Pop-spirituality is infatuated with the biblical statement, “Love your neighbor as yourself.” (Lev 19:18, Matt. 22:38, Mark 12:31, etc). I have heard people teach that it means we should pamper ourselves; others don’t know what to make of it. The fathers of the Church say little about this latter section of the verse in their commentaries, and I think it is because it was quite simple and common sense to nearly all generations of humans before us.
I recently discussed this with someone and shared the following:
M-, my understanding of loving oneself in the Gospel sense is quite simple. When I am hungry, I eat; when I am thirsty, I drink; when I am tired, I sleep; etc. Loving my neighbor as myself means that when my neighbor is hungry or thirsty, I take care of his needs. When he is tired, I ensure he has a place to sleep; when he is cold, I get him a blanket or jacket.
Leviticus 19:9-18, the latter part of which Jesus was quoting, provides some extremely practical tips regarding what this looks like. Understood in the context of the Levitical passage, the meaning of “loving oneself” is quite clear. I highly recommend reading it.
When humanity fell, our natural inclinations went askew. All that remained was self-love (a desire to take care of one’s self), but even this became perverted. For not only do we eat enough to get by, but we gorge ourselves; we get drunk; we sleep more than is necessary; we hoard; we pamper ourselves. All of these are examples of self love that are taken to one extreme. The opposite end of the spectrum is a complete loathing for oneself.
We Christians are called to the middle road: we honor the temple of the Holy Spirit that is our body by taking care of ourselves, but we do so with moderation, not pampering ourselves, and while always considering the needs of others, even before our own needs.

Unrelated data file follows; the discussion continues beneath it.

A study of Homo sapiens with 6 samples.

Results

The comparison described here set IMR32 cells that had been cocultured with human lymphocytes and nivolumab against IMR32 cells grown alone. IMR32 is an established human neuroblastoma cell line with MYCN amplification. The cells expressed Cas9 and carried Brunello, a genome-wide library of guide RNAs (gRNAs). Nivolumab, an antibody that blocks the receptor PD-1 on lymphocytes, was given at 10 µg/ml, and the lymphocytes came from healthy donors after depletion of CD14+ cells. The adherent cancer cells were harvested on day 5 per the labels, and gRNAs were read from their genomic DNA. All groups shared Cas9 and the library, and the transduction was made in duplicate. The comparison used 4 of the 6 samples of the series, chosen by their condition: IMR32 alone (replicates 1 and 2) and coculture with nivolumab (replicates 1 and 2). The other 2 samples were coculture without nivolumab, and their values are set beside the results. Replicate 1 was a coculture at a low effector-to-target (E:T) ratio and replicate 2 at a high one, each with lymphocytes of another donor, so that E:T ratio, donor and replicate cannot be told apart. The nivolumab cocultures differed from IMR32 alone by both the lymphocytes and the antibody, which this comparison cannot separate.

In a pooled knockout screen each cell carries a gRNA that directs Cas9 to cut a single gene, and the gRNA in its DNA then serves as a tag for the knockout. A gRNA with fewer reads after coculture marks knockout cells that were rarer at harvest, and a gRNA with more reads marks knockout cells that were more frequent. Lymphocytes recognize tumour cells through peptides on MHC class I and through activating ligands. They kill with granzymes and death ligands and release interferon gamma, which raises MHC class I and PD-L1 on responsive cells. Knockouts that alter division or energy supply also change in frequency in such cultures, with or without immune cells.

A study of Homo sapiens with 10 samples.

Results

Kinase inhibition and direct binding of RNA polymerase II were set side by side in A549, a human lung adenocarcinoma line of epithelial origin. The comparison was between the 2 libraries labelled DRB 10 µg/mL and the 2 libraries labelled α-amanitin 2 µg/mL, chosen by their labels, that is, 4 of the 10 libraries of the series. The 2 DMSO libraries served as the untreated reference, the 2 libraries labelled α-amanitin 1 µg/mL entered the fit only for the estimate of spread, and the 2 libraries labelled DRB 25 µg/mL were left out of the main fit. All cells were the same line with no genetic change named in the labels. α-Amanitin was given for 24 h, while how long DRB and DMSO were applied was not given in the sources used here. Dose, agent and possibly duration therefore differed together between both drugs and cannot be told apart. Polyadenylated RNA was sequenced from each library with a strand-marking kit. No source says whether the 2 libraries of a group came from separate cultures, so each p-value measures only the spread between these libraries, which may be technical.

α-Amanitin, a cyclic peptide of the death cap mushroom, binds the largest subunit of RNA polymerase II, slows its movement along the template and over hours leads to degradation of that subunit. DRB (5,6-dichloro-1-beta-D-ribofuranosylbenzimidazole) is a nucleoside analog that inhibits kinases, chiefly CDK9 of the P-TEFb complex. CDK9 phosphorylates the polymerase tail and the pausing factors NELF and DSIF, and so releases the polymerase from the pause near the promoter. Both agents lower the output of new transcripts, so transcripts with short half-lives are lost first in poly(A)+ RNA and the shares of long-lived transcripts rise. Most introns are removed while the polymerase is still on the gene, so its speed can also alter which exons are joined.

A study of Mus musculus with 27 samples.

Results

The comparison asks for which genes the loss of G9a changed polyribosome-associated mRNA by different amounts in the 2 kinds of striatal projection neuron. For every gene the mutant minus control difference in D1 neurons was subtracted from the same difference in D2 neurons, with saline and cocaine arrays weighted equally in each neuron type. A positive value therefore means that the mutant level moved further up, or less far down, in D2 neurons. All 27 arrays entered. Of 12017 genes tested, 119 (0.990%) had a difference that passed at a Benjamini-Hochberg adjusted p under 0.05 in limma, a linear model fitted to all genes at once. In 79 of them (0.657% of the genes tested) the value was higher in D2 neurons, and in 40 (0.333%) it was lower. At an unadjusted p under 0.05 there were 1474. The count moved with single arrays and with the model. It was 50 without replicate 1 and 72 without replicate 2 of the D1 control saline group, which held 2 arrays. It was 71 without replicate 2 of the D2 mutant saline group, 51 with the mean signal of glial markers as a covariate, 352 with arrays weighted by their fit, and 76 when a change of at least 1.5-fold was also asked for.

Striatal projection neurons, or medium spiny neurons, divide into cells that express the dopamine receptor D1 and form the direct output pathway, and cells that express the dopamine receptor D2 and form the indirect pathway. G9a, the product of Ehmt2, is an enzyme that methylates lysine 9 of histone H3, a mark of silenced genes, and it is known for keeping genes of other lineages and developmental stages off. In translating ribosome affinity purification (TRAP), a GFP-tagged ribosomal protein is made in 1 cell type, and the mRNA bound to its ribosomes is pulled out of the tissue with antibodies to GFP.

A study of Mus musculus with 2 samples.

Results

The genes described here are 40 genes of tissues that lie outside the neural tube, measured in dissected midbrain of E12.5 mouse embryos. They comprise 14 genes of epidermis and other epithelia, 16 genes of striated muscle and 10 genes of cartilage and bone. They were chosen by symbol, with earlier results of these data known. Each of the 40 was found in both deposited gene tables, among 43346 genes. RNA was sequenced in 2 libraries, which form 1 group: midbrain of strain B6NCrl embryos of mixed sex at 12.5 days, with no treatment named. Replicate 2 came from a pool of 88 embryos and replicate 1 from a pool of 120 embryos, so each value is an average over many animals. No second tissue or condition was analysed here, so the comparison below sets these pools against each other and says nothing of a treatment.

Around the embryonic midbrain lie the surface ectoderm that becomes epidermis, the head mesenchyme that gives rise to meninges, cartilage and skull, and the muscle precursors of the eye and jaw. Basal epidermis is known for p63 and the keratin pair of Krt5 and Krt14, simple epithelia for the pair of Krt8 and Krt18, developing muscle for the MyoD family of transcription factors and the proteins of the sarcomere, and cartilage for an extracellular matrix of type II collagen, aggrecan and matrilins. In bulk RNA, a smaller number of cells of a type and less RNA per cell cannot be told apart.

You are right that this love is something that is not taught, but it is not tricky. God is love, and we cannot be “taught” into God; we must experience Him, move in Him, abide in Him. Then these things make more sense. As we travel the road of repentance, our hearts are purified and we can commune with Him and be illumined by Him. Then understanding these things becomes more natural and easy, at least that is what the saints teach.
I have been questioned about the statement I made of, “always considering the needs of others, even before our own needs.” The fathers of the church teach that virtue is the middle road, and that to either side is sinful imbalance.
I think 1st Corinthians 13 says it all: in summary, whatever we do must be done with a spirit of love or else it profits us nothing. When we do good out of compulsion, guilt, pride, or some kind of pressure (internal or external), then we are not acting in love and we will be left with “nothing to give” to others.
While the above mentioned pressures can be a good spark to initiate internal change, they are not good permanent motives. A non-spiritual example would be an unhealthy person having a heart attack and being motivated by fear afterward to get their diet and health in order. The fear acts as a good spark in a healthy direction, but living a life of fear is not healthy.
For an unloving person, such as myself, I may only be able to sacrifice a little bit before I have to stop and take care of my own needs. Otherwise I will end up burned out, angry, and frustrated. For a person with more love, more philotimo, the ability to sacrifice is even greater. Always putting the needs of others before our own is the goal; practically speaking, where we are now is usually far short of that. So, we work toward it, a little at a time, every day.
Recently in the Orthodox Church we celebrated St. Maria of Paris who rescued Jewish children from the Nazis. She put the safety and needs of others before her own and died a hero at the hands of the Nazis. Couldn’t she have claimed her rights to meet her needs before others? Sure, but it would not have been anything special or godly. However, being filled with godly compassion, she joyfully put herself at risk and was ultimately murdered. But she acted in love, and not due to compulsion. We should emulate that by making little sacrifices, when we can, with a heart filled with love.